By: Msgr. Charles Pope


Though we know this, somehow we continue to buy into the lie again and again: that just one more thing will do it. So we lay out the money and spend the time, but the delight lasts only twenty minutes, tops. The world just can’t close the deal.

There is a little preacher’s parable that illustrates the endless treadmill the world has us on, and shows how the world endlessly seduces us to want “just one more thing.” In the end, this seduction leads us to neglect the one thing most necessary. Here is the parable, followed by some commentary:

There was a man who was lonely and thought, perhaps, that buying a pet would help his loneliness. At the pet store he looked at many animals, and found himself drawn to one in particular. The sign over the cage said, “Talking Parrot: Guaranteed to talk!” “This will surely solve my problem,” thought the man, “For here is an animal that can even talk!”

“That’ll be $250,” said the merchant.

One week later the man returned saying, “This parrot isn’t talking!”
“You mean to say,” said the merchant, “he didn’t climb the ladder and talk?”
“Ladder? You didn’t tell me about a ladder!”
“Oh, sorry,” said the merchant, “That’ll be $10.”

One week later the man returned saying, “This parrot still isn’t talking!”
“You mean to say,” said the merchant, “he didn’t climb the ladder, look in the mirror, and talk?”
“Mirror? You didn’t tell me about a mirror!”
“Oh, sorry,” said the merchant, “That’ll be $10.”

One week later the man returned saying, “This parrot still isn’t talking!”
“You mean to say,” said the merchant, “he didn’t climb the ladder, look in the mirror, peck the bell, and talk?”
“Bell? You didn’t tell me about a bell!”
“Oh, sorry,” said the merchant, “That’ll be $10.”

One week later the man returned saying, “This parrot still isn’t talking!”
“You mean to say,” said the merchant, “he didn’t climb the ladder, look in the mirror, peck the bell, jump on the swing, and talk?”
“Swing? You didn’t tell me about a swing!”
“Oh, sorry,” said the merchant, “That’ll be $10.”

One week later the man came to the shop and the merchant asked, “How’s the parrot?”
“He’s dead!” said the man.
“Dead?” said the merchant … “Did he ever talk before he died?”
“Yes, he finally talked!” said the man.
“Well, what did he say?”
“He said, ‘Don’t they sell any birdseed at that store?'”

Lesson 1: Promises, Promises - And thus this parable teaches us in a humorous way that the world and the “prince of this world” are always promising results. Yet when those results are lacking, the practice is simply to demand more of the same. First the bird, then the ladder, then the bell, then the mirror, and then the swing. There’s always something more, and then the perfect result will surely come! This is a lie. The lie comes in many forms: just one more accessory, just go from the free to the paid version, just buy the upgrade to solve the difficulty, just one more drink, one more diet, a newer car, a bigger house, a facelift, bariatric surgery, etc. It’s always just one more thing and then you’ll make it; happiness is just past the next purchase.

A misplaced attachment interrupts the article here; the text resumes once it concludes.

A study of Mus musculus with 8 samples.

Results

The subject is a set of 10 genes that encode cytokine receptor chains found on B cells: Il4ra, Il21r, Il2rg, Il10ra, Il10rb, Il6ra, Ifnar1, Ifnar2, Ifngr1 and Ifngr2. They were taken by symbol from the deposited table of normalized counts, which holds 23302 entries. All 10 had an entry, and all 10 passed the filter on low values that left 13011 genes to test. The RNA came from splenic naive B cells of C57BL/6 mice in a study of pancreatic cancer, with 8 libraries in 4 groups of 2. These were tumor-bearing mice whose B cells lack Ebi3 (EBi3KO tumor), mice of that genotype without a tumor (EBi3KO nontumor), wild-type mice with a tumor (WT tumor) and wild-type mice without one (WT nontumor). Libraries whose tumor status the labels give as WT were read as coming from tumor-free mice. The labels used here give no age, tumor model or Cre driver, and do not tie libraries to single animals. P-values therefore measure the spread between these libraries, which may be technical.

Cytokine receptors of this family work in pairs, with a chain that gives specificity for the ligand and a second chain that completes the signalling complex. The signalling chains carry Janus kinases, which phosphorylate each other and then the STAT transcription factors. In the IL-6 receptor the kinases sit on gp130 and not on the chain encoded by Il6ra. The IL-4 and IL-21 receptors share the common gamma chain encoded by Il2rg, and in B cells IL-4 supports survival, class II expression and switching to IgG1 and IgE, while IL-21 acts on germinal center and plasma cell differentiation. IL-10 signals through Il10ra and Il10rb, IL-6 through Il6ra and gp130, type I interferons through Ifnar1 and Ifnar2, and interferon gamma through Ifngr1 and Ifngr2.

Jesus, in speaking to the woman at the well, said of the water of that well (which represents the world), Everyone who drinks this water will be thirsty again (Jn 4:13). And that is the sober truth about this world: it cannot finally quench our thirst, which is a thirst for God and Heaven. But time and time again we go back to the world and listen to the same lie, thinking, “This time it’ll be different.”

Surely it is sensible that we make use of the things of this world insofar as they aid us to accomplish our basic duties. But they are not the answer to our deeper needs. The big lie is that they are the answer. And when they fail, the lie just gets bigger by declaring that just a little more of the failed product will surely close the deal. It’s a big lie and it gets bigger.

Lesson 2: The One Thing Most Necessary - In the pursuit of the ladders, mirrors, bells, and swings, the one thing most necessary was neglected: the food. And this is true for us, too. We seek to accumulate worldly toys and trinkets that pass away, and we neglect eternal and lasting realities. There is enough time for TV, sports, gossip, shopping … you name it. But prayer, Scripture, Sacraments, Liturgy, worship, and developing any kind of relationship with the Lord are most often neglected or even wholly forgotten in our pursuit of ladders, mirrors, bells, and swings. We are staring into the mirror focused too much on ourself. The bells of this world summon us to countless things, mostly trivial in the long run, and we are climbing the ladder of success with little care as to what wall it is leaning against.

And all of these less important matters divert us from the one thing necessary: to feed our souls on the Lord. Whoever eats my flesh and drinks my blood remains in me, and I in him … the one who feeds on me will live because of me ... (Jn 6:56-58).

Ah, but no time for all that. Getting to Church, praying, receiving Communion? No time! I hear a bell summoning me to just one more diversion, one more meeting. I’m too busy climbing the ladder of success. I’m too busy looking at myself in the mirror to make sure I fit in and that everyone likes me.

Did [the parrot] ever talk before he died?”
“Yes, he finally talked!” said the man.
“Well, what did he say?”
“He said, ‘Don’t they sell any birdseed at that store?'”

Just a little parable on the lies of the devil and the false promises of this world.